Jonathan Strange Review: Jonathan Strange and Mr Norrell

I shall advise all the good-looking women of my acquaintance not to die.”

Jonathan Strange and Mr Norrell


I’m a little overdue with this post, since the last episode of Jonathan Strange and Mr Norrell was shown on Sunday, but with distance comes a little bit of perspective. Had I written this review on Sunday, or even Monday, I suspect it would have been pretty much exclusively in capslock.

Because, my, the feels.

The last episode rounds everything up, as might be expected: Jonathan Strange returns to England with his black tower of depression to try and rescue Arabella and scare seven hells out of Mr Norrell. Prophecies come true, kings are outed, the oppressed are set free. It absolutely enthralled me from start to finish. And that ending? It had me practically shouting at the telly: THAT’S NOT THE RIGHT ENDING. NO, THAT’S NOT WHERE IT ENDS. NO THAT IS WRONG. OH, HOLY HELL, THAT’S THE ENDING, ISN’T IT.

(I didn’t manage to avoid the capslock after all.)

But, actually, I guess it’s the only ending that makes any sense. By interacting with, by attacking the mirror-land of Lost-hope, by working against the hidden structures of oppression that mirror-land encodes, they become de facto cut off from society, isolated in a black tower of their own making. And by defeating that mirror-land, by making the nameless slave a king in a strange country, they become lost to society, because it’s no longer theirs. They have to leave England, as all the oppressed groups in the series have to leave it: Stephen becomes the new king of Lost-hope, subverting its repressive power structures; Lady Pole leaves her husband (freeing herself from the patriarchal bond of marriage into which she was sold); Flora Greysteel escapes the opprobrium of being a fallen woman and finds female friendship in Venice; Arabella too escapes patriarchal power as her marriage is effectively dissolved. All three women find themselves in Venice, a place of holiday and thus of carnival, where social structures become anarchic and disordered. The repressions of Regency England are effectively split wide open, broken by the actions of Jonathan Strange and Mr Norrell, and the country left in a state of disarray as more and more magicians spring up throughout the land.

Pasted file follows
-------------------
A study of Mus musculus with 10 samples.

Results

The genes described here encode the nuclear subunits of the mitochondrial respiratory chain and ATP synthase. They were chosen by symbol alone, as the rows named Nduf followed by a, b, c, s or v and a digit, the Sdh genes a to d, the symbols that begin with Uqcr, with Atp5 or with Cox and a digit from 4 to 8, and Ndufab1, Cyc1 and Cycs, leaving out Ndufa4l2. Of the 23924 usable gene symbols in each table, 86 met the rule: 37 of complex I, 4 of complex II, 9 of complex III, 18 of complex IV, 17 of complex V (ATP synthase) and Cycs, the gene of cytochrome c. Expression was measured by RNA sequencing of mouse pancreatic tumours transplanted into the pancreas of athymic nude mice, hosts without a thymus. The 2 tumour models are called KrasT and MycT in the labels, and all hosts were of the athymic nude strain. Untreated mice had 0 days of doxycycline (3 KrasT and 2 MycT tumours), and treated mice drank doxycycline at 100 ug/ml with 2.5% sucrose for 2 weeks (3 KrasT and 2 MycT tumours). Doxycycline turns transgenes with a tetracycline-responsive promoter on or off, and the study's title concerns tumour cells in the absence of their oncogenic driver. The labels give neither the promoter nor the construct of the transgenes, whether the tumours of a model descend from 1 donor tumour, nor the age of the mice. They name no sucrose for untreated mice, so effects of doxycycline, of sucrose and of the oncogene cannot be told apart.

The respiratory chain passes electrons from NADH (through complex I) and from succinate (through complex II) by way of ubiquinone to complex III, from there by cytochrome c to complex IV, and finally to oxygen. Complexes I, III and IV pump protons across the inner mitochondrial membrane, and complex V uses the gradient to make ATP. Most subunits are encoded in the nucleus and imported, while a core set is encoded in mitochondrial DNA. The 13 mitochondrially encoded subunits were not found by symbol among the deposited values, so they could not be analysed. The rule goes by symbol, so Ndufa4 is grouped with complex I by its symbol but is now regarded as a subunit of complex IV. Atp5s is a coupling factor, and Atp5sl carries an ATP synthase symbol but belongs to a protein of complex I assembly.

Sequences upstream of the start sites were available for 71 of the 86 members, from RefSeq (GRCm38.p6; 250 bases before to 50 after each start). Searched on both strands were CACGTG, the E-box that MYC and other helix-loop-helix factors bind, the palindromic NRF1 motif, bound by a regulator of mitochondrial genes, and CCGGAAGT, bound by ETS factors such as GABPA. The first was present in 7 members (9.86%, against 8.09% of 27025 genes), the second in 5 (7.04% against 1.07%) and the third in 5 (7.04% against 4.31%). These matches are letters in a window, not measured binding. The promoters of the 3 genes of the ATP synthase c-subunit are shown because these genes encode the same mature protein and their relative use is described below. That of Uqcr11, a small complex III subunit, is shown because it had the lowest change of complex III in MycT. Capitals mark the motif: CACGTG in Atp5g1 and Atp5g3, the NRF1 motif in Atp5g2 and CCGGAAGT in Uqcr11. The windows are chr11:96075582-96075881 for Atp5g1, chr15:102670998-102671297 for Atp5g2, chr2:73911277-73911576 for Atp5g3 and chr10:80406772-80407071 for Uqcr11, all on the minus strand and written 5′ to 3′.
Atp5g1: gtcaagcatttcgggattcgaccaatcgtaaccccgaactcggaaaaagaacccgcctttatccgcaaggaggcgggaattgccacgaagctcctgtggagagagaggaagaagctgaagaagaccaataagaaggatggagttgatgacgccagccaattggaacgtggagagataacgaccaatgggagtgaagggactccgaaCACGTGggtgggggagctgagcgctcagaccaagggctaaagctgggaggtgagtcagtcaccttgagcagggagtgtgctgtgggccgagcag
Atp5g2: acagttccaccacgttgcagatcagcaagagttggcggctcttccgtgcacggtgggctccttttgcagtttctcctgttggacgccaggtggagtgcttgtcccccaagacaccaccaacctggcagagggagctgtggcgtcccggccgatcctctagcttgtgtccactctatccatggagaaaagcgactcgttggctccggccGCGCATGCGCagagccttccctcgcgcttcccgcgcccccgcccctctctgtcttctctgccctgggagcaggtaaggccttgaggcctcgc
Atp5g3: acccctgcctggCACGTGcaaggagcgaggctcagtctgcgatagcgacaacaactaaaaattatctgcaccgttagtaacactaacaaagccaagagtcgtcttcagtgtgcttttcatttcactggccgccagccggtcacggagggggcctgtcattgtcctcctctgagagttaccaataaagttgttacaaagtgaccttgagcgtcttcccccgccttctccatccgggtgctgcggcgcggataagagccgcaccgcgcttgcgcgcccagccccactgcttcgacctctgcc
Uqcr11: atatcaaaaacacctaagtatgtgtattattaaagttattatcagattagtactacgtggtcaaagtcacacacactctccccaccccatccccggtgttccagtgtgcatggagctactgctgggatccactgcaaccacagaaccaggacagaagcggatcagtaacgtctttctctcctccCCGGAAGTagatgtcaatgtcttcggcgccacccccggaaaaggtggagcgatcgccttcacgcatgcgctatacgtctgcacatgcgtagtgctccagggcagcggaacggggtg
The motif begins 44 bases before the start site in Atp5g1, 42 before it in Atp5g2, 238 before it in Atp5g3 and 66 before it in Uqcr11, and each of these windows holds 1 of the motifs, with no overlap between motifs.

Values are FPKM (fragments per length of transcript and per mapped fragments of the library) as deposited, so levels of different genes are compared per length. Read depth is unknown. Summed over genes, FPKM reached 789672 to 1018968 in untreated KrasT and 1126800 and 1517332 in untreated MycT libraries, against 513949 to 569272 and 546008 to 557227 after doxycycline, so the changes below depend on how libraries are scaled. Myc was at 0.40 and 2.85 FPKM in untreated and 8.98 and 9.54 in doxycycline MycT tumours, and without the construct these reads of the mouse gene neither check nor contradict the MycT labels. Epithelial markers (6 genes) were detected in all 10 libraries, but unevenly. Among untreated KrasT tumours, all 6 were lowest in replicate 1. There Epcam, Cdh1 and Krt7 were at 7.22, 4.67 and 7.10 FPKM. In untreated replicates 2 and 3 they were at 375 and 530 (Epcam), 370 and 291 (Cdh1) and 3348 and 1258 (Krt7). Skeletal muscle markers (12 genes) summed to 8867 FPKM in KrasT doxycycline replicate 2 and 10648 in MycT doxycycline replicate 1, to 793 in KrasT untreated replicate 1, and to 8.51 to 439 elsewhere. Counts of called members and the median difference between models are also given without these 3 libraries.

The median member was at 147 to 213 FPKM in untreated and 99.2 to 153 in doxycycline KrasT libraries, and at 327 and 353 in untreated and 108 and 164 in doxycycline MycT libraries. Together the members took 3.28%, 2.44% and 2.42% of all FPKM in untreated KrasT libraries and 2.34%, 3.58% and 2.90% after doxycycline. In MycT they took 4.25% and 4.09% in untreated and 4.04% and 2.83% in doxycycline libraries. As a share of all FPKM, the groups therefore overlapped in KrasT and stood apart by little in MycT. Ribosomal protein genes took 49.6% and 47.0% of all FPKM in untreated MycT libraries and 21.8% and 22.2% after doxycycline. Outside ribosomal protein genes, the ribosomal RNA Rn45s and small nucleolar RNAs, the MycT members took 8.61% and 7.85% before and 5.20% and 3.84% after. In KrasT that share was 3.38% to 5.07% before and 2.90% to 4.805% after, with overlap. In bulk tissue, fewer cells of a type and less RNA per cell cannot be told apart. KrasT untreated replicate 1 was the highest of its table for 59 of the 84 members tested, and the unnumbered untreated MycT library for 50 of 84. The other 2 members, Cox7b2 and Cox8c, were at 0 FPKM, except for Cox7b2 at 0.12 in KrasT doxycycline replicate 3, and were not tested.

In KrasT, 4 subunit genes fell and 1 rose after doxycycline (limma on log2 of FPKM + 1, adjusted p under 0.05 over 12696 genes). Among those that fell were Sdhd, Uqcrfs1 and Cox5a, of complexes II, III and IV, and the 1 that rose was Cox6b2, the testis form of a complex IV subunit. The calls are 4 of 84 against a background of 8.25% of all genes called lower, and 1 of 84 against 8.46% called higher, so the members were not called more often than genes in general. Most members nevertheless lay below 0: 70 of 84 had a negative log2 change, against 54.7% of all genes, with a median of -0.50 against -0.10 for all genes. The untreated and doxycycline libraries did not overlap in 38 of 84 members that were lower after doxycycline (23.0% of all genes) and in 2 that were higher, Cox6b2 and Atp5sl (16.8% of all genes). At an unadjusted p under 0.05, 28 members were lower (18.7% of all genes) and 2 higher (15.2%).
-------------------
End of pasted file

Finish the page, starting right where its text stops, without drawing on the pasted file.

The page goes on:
It’s not a coincidence that the series (and the book) is set at the beginning of the 19th century, on the eve of both the Reform Act and the abolitionist movement, which between them opened up an often vehement conversation about equality and democracy which ultimately led to the end of slavery, to anti-discrimination laws, to women getting the vote, to last week’s Supreme Court ruling on gay marriage. Susanna Clarke’s tale of magic and madness is, I think, fundamentally about that beginning: it casts the political ferment and potential of those times as a fairytale, transmuting social change into something rich and strange and exciting (which is, after all, what fantasy is for). It’s a real shame that the series attracted only paltry ratings, with some critics even calling it childish; this is exactly the kind of clever, thoughtful drama we should have on our screens.